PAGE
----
The 3 threads to 3D

Thursday, December 2nd, 2010

Adding realism to the viewing experience is good. Football is the best example.

Adding realism to the viewing experience is good. Football is the best example.

3D, a new feature of Blu Ray format will certainly be a revolution in home entertainment. It has already revolutionised the movie industry. Avatar proved it is no longer a gadget, but an integral part of story–telling and the movie texture. It gave a real boost to 3D. It is estimated that by 2015 almost 40% of TV sets will be 3D. 70% of Europeans are interested in having 3D at home. Similarly, as it was the case with the movie industry, the  3D impact will be holistic and will transform all forms and channels of content delivery – 3D cinema, home 3D, PC-based 3D gaming and 3D mobile phones. More exciting opportunities to exercise your right to entertainment!

However, there are some threads which may limit the scope of 3D and keep it still as something designed ‘for an occasion’. The first is that there might not be expected content to draw people’s attention. Consumers most frequently view wildlife footage and sport events in 3D, but are strongly attached to 2D when it comes to their favorite TV shows. So will it be mainly for hardcore game enthusiasts?

With growing consumer awareness, more information and education provided by retailers is needed. Especially concerning the necessary equipment and background in 3D experience, its impact on the keen young gamers’ eyesight etc. The 3D format is safe for children over 4 years of age, according to doctors, and it’s definitely better for human eye accommodation than traditional 2D.

Last but not least, there is the question of time-consuming conversion from 2D to 3D done by skilled engineers.  This issue needs to be balanced as now many new TVs and BD players have built in circuitry that permits an auto- conversion by simply one press of a button.  It’s also estimated that 55% of the population is unable to see 3D properly, so is there a point in dedicating time and effort for raising already sophisticated standards of good conversion if more than a half of all viewers are not able to spot the difference?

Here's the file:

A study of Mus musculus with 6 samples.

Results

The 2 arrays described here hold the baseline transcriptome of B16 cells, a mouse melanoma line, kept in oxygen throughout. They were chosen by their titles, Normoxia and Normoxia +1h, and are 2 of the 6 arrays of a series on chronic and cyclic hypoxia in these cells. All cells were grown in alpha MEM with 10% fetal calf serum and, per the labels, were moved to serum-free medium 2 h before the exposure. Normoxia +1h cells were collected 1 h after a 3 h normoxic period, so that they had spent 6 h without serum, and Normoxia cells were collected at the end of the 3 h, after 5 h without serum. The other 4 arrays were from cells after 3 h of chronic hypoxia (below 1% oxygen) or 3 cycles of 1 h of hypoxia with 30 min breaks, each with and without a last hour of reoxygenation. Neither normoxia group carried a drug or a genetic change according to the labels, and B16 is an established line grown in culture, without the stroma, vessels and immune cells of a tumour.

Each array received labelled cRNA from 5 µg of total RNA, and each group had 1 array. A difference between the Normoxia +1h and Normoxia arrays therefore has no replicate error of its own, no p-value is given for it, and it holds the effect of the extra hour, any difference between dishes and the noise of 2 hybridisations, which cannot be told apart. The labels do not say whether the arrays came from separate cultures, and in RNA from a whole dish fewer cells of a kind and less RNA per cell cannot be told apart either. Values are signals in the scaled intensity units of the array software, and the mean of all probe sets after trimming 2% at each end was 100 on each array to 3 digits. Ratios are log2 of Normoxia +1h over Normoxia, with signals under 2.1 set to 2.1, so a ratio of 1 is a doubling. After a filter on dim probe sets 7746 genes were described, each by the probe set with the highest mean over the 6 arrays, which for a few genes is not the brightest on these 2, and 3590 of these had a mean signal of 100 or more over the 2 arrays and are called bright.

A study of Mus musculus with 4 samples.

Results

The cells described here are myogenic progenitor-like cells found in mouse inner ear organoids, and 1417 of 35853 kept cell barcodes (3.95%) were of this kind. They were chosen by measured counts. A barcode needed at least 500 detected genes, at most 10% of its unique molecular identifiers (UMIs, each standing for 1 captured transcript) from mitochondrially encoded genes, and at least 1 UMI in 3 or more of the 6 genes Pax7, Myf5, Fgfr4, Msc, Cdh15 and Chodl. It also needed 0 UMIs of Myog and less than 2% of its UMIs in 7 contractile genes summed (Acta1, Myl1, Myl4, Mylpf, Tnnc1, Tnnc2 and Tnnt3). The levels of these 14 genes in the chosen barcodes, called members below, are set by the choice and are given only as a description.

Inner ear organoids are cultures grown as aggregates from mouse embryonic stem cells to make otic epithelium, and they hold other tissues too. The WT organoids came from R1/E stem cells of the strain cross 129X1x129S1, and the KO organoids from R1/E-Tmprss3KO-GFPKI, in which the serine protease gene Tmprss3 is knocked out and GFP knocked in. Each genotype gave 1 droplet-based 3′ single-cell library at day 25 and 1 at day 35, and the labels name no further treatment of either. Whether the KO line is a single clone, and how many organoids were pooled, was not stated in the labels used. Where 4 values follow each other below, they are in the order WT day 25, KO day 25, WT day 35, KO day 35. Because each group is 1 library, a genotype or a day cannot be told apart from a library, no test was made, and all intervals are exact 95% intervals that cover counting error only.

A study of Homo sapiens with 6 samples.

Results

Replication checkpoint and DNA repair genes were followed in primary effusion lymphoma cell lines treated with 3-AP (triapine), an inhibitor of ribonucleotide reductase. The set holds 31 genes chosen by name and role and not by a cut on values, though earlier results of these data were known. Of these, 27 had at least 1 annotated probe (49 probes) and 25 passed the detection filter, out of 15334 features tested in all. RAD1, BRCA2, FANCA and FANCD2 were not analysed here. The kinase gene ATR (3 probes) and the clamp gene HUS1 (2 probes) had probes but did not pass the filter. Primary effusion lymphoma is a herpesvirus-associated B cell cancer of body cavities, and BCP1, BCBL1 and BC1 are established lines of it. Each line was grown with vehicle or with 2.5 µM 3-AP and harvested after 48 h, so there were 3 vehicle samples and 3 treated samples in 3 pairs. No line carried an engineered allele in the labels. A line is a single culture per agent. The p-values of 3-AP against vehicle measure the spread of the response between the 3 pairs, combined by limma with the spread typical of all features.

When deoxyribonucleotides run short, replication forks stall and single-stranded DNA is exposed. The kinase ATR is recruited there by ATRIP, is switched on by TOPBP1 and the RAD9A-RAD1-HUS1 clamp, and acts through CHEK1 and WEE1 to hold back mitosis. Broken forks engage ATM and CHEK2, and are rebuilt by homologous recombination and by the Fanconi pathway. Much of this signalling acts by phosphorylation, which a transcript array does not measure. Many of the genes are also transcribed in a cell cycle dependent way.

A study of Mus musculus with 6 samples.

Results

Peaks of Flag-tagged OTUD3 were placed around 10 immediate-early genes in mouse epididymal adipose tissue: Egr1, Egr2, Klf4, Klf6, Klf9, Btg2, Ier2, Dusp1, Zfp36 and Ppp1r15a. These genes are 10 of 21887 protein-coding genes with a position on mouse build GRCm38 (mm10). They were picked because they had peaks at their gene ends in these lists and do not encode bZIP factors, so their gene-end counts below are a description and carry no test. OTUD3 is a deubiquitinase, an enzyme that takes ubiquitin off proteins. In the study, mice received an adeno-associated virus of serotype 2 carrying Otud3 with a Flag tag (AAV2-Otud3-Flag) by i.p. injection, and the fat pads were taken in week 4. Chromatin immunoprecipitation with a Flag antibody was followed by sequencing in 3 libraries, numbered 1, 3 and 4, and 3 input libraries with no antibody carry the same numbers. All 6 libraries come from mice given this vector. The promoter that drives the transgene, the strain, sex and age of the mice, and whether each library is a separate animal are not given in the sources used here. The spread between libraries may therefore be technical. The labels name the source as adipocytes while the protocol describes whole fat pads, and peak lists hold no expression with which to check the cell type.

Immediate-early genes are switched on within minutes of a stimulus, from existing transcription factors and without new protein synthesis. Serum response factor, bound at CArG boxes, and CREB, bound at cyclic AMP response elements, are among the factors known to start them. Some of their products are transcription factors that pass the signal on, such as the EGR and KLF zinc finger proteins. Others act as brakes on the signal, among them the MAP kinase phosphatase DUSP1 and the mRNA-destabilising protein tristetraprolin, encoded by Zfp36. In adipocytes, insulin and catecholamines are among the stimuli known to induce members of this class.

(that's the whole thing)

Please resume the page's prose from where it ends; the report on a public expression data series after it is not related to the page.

BD –Live: a bridge to Digital

Thursday, December 2nd, 2010

BD - Live's ability to connect with social networks is essential to its success

Blu Ray disc format is opening doors for a wide range of advanced applications and can be a powerful marketing tool. Whilst the BD player was designed for watching movies, BD – Live can enhance this experience and at the same time integrate its fans communities online.

It’s also a perfect tool for collecting marketing data and who could want more? In order to make an optical disc BD – Live enabled you have to put some software on it. This process is called boot – strapping and later allows you to connect with the server, searching for any software updates.

With this, the path to promote market relevant content becomes widely open. Extra information about cast, crews, various aspects of the movie production and film trailers can be brought to the screen. If you want to extend, if not exceed the experience, you can immerse into an online communication with other viewers. The access to extra movie content can be via electronic sell – though ( EST ) or by video – on – demand ( VOD ) transactions. Attractive, frequently updated and well managed content is the key to keep the fans interested as well as bring in new ones and to integrate them around films or brands through social networks.

From the mass merchandisers perspective, BD – Live looks like a fulfilled dream. It makes the consumers’ response fully measurable and accessible, so it can be aimed at a precisely selected group of clients, providing a cost effective campaign with a high response rate. Every prefernce can be tracked: what is being watched / purchased, for how long and at what frequency. This makes the e – commerce opportunites indefinately rich, especially in branches like entertainment, automotive, software, travel and leisure.